They promised a service for George Floyd that would be a “foot-stomping, toe-tapping, shouting hallelujah, praise god” sort of event.
They delivered – and also happened to send a message that George Floyd might just have changed the world.
Mr Floyd’s funeral, in his home town of Houston, came 15 days after his brutal death under a police officer’s knee in Minneapolis.
Since then, his name has become a rallying cry for millions seeking a change in the treatment of the African American community.
The service was at times heart-wrenching: the grief in the faces and the words of his family a reminder that his death remains very raw and personal to many.
But the religious and political messages were powerful too, as was the resolve not to let this moment of protest pass without real systemic change.
The civil rights leader, the Reverend Al Sharpton told the congregation: “Until we know the price for black life is the same as the price for white life, we’re gonna keep coming back to these situations over and over again.”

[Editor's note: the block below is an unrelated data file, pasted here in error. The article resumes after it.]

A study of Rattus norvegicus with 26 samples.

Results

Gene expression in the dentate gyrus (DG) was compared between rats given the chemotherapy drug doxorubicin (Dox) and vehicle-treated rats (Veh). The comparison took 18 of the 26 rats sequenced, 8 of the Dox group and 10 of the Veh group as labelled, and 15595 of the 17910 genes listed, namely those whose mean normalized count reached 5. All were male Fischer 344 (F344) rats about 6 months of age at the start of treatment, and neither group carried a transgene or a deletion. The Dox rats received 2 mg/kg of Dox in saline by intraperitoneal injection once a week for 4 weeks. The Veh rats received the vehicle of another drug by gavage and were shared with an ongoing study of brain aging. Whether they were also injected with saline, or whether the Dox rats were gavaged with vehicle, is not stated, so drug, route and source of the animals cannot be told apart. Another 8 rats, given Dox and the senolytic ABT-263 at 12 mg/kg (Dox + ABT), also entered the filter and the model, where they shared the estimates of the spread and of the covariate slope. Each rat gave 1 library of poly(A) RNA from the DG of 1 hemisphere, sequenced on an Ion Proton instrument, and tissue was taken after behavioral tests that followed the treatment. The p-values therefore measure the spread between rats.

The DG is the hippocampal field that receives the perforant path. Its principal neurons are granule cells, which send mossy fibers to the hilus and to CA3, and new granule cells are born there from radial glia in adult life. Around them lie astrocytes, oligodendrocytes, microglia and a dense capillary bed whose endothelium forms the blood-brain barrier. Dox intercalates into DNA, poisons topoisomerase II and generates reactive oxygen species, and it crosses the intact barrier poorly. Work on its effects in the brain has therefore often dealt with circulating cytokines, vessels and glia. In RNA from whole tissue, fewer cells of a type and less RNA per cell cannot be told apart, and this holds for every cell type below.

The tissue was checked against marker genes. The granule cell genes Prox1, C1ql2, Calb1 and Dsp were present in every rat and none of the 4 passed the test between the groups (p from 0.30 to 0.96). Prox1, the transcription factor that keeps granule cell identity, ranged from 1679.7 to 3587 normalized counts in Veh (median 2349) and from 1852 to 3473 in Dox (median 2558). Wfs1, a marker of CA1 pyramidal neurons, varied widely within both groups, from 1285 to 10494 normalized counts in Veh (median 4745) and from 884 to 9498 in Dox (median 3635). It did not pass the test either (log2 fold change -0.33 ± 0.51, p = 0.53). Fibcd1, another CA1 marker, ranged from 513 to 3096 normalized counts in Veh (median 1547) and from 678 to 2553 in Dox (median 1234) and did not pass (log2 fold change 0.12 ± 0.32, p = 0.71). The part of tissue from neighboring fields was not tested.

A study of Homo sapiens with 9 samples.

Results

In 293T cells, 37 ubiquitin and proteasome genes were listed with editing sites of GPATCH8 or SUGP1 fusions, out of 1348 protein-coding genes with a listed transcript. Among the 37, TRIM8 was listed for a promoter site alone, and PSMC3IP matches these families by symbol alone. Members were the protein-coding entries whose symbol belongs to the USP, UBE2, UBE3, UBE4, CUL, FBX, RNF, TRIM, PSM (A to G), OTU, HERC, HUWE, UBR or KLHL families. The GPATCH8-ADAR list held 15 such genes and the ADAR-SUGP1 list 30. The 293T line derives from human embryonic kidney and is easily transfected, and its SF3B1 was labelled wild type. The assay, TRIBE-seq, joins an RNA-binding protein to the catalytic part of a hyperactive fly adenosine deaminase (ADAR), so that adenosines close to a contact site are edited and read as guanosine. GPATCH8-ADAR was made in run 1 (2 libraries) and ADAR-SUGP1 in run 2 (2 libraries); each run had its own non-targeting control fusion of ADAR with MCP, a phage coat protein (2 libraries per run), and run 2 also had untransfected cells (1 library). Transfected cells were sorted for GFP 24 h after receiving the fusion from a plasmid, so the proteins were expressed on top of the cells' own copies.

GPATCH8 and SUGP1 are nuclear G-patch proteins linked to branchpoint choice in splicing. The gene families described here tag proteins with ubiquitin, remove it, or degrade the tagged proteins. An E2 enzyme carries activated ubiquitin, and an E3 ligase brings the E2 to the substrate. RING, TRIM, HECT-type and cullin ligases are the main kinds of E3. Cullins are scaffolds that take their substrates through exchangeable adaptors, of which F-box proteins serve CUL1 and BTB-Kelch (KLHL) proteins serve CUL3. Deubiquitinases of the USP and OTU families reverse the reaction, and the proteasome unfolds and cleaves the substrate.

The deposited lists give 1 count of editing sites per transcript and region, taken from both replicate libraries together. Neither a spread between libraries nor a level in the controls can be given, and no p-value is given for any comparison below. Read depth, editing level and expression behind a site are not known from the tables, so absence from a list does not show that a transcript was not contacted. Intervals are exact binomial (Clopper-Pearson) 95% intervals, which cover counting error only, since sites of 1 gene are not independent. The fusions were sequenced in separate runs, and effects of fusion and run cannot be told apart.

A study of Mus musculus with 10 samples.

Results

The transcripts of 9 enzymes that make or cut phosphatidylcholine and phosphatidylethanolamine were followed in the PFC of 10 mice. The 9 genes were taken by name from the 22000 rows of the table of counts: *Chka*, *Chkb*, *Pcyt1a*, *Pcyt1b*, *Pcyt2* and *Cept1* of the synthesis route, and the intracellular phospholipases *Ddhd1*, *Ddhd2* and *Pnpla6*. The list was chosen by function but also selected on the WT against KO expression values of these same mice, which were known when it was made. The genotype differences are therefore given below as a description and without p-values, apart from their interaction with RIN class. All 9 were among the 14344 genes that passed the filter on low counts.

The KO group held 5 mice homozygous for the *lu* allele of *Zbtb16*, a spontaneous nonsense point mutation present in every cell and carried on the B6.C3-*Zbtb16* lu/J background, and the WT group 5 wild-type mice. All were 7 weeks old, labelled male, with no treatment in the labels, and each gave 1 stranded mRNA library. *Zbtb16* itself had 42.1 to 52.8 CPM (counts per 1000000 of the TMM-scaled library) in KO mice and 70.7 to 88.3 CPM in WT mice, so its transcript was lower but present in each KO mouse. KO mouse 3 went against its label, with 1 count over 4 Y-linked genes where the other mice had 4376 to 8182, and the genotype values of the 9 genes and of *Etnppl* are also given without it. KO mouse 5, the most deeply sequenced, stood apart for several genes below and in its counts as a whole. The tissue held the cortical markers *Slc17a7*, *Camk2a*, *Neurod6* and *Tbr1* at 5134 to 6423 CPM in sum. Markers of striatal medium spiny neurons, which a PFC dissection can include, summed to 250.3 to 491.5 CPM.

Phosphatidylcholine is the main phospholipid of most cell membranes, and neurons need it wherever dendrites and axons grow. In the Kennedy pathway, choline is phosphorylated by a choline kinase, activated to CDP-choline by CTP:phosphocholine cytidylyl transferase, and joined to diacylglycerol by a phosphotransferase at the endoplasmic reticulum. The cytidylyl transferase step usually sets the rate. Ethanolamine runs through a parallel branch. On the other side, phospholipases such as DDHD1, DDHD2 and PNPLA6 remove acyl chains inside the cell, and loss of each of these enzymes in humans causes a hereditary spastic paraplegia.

“Why must the system be corrupt and broken,” asked Brooke Williams. “Laws were already out in place for the African American system to fail.
“No more hate crimes, please. Someone said ‘Make America great again’ but when has America ever been great?”
The message was unequivocal: that if people are seeking real change in society it will only come at the ballot box in November.
There is some fear amongst those leading this movement that momentum will be lost if George Floyd’s story fades from the headlines.
But from the ordinary members of the public to the big names of Hollywood, those at the funeral were optimistic.
“After George Floyd I think everything is going to change for the better,” said Reginae Traylor. “We already have a movement going on around the world.”
The actor Jamie Foxx said the evolution of the protests was key. “I’m sure when they put those military people out there and they ran around the corner and saw young white kids protesting, they saw the whole world explode with humanity. It is different. They finally got a chance to see what we’ve been saying for the longest time.”
The anxiety to keep George Floyd’s name alive was repeatedly channelled through his young daughter Gianna. “Daddy changed the world,” she said, a hope many want to see fulfilled.
His brother will testify at a congressional hearing into police brutality today, another small step towards change, another sign of George Floyd’s legacy.
Of all the powerful moments at the funeral though, Dray Tate’s performance of Sam Cooke’s civil rights anthem ‘A Change is Gonna Come’ was among the most poignant.
There is hope in that sentiment and, as the lyrics say: “it’s been a long time coming.”